Security is a huge headache with VPNs. The minute a compromised machine tunnels in, unless that machine is isolated/restricted and measures/countermeasures taken, your network is likely to be compromised. In addition to limiting the damage that a bad egg can do, make sure that anyone tunneling in has antivirus software, a software firewall that can keep inbound and outbound mischief contained, and a router that supports IPsec (or PPTP) pass-through, if needed.

NOTE

You can't allow users to compromise themselves and your network by plugging directly into the modem to get around the blockage caused when they can't pass through. Success is the result of planning ahead and buying what will give you the least trouble without compromising security. A big piece of that success is predicting the behavior of frustrated users.

If a user already has a router for his or her home network, and can't get into your network, simple settings changes for the existing hardware may fix the problem. While you're still mapping out your VPN plans, have users supply model names and vendor URLs for the equipment they're using. Before you start live testing, have up-to-date troubleshooting information downloaded and on hand, and you won't have to wait on the phone while users crawl around behind the computer or search through basement filing cabinets looking for details.

Unfortunately, users may see your super perimeter as the cause of their not being able to create a tunnel to work—rather than the way to keep their PCs and data, and the company networks, safe—because they only get as far as your login or authentication systems and no further. You can avoid that misperception about the security system and help them get to work by remembering to take a few simple but crucial steps in the beginning, as you set up:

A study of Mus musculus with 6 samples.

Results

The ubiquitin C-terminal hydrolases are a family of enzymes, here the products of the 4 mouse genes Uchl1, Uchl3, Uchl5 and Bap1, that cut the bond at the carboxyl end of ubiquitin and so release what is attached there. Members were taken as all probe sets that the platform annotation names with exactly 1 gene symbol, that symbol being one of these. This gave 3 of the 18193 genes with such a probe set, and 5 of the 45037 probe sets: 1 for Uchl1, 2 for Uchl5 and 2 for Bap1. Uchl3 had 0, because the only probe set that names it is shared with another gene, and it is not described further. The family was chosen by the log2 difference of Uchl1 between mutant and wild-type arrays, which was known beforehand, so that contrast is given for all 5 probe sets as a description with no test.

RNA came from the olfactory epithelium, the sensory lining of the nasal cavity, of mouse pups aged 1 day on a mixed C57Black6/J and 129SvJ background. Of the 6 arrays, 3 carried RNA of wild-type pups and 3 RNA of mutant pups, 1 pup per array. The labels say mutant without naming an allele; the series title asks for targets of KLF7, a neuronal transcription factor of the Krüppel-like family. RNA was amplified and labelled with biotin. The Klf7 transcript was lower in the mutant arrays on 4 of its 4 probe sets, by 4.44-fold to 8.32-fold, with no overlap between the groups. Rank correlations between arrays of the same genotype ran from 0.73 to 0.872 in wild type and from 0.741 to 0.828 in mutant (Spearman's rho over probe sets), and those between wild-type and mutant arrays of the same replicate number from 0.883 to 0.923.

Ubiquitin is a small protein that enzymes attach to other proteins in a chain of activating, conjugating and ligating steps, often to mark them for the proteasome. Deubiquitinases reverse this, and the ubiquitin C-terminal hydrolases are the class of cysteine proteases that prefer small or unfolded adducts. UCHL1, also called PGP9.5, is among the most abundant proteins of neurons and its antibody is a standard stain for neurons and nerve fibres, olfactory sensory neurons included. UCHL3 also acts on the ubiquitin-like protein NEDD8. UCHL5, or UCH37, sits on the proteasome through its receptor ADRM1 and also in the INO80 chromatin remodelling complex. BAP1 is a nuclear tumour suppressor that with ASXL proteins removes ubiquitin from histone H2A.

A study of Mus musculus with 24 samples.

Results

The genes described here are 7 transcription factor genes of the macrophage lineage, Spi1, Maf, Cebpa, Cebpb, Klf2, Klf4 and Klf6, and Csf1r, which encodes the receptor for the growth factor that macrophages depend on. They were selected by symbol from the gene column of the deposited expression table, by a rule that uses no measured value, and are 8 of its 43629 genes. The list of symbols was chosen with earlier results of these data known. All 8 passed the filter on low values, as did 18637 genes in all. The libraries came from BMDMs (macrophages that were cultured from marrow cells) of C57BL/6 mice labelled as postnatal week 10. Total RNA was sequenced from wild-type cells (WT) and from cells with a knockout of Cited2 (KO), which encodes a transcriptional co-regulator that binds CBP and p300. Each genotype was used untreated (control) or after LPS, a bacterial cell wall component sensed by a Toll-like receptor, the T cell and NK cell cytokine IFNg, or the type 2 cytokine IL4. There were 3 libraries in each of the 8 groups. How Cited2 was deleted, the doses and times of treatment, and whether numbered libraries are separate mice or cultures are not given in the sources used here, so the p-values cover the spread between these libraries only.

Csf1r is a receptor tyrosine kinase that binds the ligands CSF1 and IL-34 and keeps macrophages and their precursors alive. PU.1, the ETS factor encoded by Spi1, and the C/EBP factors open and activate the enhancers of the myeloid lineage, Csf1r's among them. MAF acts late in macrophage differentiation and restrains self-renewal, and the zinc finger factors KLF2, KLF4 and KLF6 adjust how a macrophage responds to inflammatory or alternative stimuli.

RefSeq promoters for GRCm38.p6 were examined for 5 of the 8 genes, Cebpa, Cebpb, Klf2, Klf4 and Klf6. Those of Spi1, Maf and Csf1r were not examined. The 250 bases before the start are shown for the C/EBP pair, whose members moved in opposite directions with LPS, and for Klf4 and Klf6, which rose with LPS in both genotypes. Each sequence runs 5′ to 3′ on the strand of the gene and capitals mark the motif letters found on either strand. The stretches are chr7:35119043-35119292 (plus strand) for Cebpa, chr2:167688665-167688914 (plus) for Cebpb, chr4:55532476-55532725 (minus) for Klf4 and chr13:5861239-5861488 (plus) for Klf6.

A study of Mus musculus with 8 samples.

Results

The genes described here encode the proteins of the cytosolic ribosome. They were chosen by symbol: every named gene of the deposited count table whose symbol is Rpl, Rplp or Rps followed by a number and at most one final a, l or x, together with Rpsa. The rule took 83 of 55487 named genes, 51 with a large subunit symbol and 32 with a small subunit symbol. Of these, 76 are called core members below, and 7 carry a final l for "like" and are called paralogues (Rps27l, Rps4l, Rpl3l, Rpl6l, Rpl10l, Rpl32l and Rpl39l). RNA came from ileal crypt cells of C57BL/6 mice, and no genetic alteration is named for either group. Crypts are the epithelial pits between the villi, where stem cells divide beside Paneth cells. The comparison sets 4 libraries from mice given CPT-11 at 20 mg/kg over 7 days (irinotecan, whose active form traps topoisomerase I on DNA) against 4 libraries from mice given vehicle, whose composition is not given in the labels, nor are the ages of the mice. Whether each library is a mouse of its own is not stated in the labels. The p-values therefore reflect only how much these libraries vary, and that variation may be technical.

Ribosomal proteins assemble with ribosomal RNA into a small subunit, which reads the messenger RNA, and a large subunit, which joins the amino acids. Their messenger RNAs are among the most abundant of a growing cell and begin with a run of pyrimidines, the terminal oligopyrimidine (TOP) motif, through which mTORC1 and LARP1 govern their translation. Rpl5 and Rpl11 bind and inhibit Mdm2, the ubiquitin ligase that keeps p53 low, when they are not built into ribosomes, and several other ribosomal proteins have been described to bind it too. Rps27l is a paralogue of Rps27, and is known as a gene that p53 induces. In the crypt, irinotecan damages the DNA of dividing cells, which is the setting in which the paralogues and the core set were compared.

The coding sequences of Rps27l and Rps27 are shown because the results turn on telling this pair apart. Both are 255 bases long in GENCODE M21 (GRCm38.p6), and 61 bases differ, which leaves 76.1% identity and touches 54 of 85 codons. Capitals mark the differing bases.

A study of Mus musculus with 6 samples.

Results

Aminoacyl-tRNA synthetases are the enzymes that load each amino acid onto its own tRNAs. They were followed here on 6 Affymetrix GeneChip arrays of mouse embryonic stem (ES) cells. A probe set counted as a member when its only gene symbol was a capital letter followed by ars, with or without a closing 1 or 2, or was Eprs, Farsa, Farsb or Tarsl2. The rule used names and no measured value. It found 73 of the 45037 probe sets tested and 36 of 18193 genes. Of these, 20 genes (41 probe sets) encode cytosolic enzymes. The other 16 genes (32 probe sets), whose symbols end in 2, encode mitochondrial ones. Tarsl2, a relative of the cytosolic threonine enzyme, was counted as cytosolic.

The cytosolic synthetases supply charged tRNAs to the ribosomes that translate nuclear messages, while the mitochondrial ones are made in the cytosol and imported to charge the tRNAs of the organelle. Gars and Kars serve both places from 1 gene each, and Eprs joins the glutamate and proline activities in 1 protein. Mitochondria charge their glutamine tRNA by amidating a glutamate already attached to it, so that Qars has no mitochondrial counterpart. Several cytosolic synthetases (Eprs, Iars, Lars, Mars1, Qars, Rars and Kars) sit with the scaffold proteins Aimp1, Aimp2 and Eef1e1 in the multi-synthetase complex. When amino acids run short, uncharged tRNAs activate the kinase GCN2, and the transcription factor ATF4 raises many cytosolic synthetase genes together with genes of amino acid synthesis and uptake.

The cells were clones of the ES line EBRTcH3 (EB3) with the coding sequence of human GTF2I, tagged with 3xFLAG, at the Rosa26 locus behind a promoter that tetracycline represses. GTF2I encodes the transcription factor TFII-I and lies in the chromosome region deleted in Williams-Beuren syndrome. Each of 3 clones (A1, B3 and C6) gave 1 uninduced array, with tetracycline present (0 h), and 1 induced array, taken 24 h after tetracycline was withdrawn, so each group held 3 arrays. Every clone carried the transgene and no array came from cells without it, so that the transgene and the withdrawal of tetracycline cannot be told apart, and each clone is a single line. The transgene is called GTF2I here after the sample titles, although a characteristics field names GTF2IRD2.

• Check that the whole shebang (server, etc.) is running before you add the VPN.

  • Never add more than one item at a time—hardware, software, or firmware. Record exactly what piece you're adding, test it, and record the result before moving on. If you follow this strategy, you'll never have to rewind more than one step, and it's a lot easier to untangle a conflict of one piece against all than multiplying the variables against all.

  • Get all the basic network gewgaws in place on both sides:

    • Have the same level of encryption on both ends.

    • Check that all VPN-specific protocols are installed on both sides.

    • Set up WINS on both sides of your tunnel. The client side needs it so that you won't have to resolve IP addresses with somebody having to type in the dot.quad and drive letter for every share you want to use.

One last thing to do as you prepare to build your VPN: Get users ready. Educate them about the VPN; about being good, secure citizens connected to the corporate network with their home machines; and about what to expect. For example, if a user is logged onto the company network, he may not be able to print over his home LAN. If he understands this restriction, he's less likely to panic and do something silly with the cabling. And some days, that's victory enough.